Land trust and local district get help from state and federal sources
WHATCOM — The Whatcom Land Trust, in partnership with the Washington State Department of Ecology, has received a grant funded by the U.S. Fish & Wildlife Coastal Wetlands Program to purchase and restore four properties totaling 54.66 acres of coastal wetland habitat and 6,500 feet of shoreline. All four properties are situated along California Creek, a major tributary stream to Drayton Harbor of Blaine.
The Whatcom Land Trust is one of seven Washington state projects that received a total of $5 million from the Coastal Wetlands Program. Those seven were among 23 approved nationwide totaling $17 million.
The federal grant program favors wetlands of rare types within an ecoregion, including specially recognized wetland functions — especially those in decline or threatened with destruction. Grants provide up to 75 percent of the cost of wetland acquisition and protection.
The land trust currently owns 52.5 acres at the mouth of California Creek where it empties into Drayton Harbor. This property has high conservation values due to its location, ecological makeup and future role as a public park along the shoreline. The California Creek sub-basin makes up 40% of the total Drayton Harbor watershed, meaning restoration will benefit water quality in Drayton Harbor and impact Whatcom County on a larger scale.
Marine estuaries are an irreplaceable natural resource that provide many benefits including wildlife habitat, improved biodiversity and water quality.
Since the initial 11.5-acre land purchase in June 2017 and second adjacent parcel purchase in December 2018, the land trust has completed significant salmon habitat restoration and invasive species removal. Two barns were demolished by Moceri Construction and other improvements were made on 12.5 acres of lower California Creek.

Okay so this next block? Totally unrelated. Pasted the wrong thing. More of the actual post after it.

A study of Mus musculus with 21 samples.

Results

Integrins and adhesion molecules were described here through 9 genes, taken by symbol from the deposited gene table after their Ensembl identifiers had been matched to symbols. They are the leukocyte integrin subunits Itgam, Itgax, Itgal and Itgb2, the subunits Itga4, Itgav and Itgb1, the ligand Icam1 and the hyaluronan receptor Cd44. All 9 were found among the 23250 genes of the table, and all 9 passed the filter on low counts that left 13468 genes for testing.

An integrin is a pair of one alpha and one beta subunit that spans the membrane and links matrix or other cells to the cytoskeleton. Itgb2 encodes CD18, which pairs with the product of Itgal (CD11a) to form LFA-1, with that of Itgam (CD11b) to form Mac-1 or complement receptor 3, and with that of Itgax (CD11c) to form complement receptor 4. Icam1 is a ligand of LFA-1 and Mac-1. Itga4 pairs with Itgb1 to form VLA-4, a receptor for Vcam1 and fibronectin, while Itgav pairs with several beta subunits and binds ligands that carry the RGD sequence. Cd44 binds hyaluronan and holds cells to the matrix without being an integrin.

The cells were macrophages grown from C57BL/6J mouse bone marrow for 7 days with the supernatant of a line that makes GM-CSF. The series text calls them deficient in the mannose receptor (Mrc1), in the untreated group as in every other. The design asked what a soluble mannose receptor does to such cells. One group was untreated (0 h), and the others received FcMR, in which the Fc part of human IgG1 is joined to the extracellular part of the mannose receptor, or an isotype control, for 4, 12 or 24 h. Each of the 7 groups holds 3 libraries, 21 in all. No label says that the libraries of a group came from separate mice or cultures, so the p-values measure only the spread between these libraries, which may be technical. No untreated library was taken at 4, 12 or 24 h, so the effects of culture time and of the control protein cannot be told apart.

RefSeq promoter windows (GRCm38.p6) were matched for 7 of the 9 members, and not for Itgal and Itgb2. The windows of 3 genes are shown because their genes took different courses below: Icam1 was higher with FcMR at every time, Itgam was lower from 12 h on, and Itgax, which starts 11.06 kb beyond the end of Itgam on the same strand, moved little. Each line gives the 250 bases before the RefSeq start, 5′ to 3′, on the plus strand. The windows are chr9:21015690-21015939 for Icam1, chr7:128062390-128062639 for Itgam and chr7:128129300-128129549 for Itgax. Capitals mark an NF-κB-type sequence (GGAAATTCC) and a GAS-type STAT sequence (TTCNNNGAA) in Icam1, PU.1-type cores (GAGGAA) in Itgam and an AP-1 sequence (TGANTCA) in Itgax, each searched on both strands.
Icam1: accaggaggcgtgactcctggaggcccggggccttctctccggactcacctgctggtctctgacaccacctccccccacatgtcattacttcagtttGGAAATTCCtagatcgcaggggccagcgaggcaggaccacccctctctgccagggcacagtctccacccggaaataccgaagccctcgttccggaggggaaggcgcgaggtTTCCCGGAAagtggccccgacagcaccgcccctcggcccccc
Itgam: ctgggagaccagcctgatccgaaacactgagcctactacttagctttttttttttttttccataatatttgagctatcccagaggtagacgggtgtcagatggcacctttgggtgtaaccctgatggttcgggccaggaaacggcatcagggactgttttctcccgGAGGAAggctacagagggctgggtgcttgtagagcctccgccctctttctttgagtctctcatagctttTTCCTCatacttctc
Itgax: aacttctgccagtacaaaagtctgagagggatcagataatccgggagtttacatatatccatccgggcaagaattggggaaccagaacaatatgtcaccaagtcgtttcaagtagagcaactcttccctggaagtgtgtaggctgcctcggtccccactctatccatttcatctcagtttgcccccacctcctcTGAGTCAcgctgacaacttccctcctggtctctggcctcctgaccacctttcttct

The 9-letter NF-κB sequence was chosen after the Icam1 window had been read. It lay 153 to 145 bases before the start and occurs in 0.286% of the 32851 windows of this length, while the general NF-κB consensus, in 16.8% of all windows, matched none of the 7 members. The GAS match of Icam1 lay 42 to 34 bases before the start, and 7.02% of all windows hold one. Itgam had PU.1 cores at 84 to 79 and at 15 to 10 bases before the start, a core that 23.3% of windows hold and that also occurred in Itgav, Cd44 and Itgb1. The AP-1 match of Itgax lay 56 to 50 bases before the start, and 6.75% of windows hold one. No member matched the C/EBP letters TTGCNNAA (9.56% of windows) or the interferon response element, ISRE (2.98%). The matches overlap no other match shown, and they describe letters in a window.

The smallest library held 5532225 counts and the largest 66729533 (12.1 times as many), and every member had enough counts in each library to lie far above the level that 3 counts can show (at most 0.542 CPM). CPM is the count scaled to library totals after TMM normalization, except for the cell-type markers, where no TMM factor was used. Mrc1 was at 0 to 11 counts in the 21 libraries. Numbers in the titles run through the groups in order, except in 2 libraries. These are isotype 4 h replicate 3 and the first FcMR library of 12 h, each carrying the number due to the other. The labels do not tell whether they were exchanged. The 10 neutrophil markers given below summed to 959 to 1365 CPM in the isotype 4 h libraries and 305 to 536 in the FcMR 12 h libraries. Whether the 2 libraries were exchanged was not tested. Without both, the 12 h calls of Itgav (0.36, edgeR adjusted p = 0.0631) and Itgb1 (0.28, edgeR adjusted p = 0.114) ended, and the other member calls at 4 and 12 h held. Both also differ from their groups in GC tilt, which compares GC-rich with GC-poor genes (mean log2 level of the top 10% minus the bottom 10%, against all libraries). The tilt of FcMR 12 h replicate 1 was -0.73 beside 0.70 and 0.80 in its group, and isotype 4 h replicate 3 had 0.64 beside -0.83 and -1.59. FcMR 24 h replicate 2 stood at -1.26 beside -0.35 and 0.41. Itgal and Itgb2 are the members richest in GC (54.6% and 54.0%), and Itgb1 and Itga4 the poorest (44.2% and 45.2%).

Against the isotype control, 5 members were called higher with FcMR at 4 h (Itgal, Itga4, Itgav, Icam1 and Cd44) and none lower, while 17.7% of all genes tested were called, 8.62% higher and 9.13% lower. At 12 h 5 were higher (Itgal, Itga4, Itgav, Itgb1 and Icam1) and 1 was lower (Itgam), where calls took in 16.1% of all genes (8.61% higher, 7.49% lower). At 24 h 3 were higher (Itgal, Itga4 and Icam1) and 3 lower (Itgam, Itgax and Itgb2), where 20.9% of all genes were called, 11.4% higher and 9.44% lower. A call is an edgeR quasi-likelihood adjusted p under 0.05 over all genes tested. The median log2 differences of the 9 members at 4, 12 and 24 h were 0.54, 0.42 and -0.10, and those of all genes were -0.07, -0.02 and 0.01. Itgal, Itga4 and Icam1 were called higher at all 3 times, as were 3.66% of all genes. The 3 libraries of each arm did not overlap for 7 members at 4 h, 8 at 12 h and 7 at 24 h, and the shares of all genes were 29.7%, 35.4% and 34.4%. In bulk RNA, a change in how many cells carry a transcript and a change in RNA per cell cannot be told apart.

This was done in partnership with the Nooksack Salmon Enhancement Association and Whatcom Conservation District, in part due to a grant from the Rose Foundation’s Stewardship & Mitigation Fund and USDA’s Natural Resources Conservation Service funding. An additional partner is Washington Sea Grant in monitoring for the invasive European green crab.
Concurrently, Blaine/Birch Bay Parks & Recreation District #2 (BBPRD2) applied for and was awarded two grants from the Washington State Recreation and Conservation Office to assist in park infrastructure and public access, including a kayak/canoe launch, parking, restrooms, trails and eventual link between Birch Bay State Park and Peace Arch Park.
Now this beautiful and ecologically important place where people meet nature is permanently protected, and closer to beginning the next phase of its life as BBPRD2’s California Creek Estuary Park.
District director Ted Morris said he thanks local 42nd District Reps. Sharon Shewmake and Luanne Van Werven for help in securing a grant from the state Recreation Conservation Office for this project.
With hopes of opening in 2023, the day-use park will have a parking lot, restroom, kayak launch and hiking/biking trails. It will also serve as a trailhead for the district’s Bay to Bay Trail from Birch Bay to Blaine that they are working on, Morris said.
The additional 54.66 acres of coastal wetland habitat will require a stewardship plan that will provide more restoration and community engagement opportunities, as well as permanent protections for one of the most beautiful coastal areas in one of Whatcom County’s fastest growing communities.
When plans are in place and it is safe for people to be together outdoors, stewardship work party opportunities will be announced on the land trust’s website (whatcomlandtrust.org) or in an upcoming e-newsletter.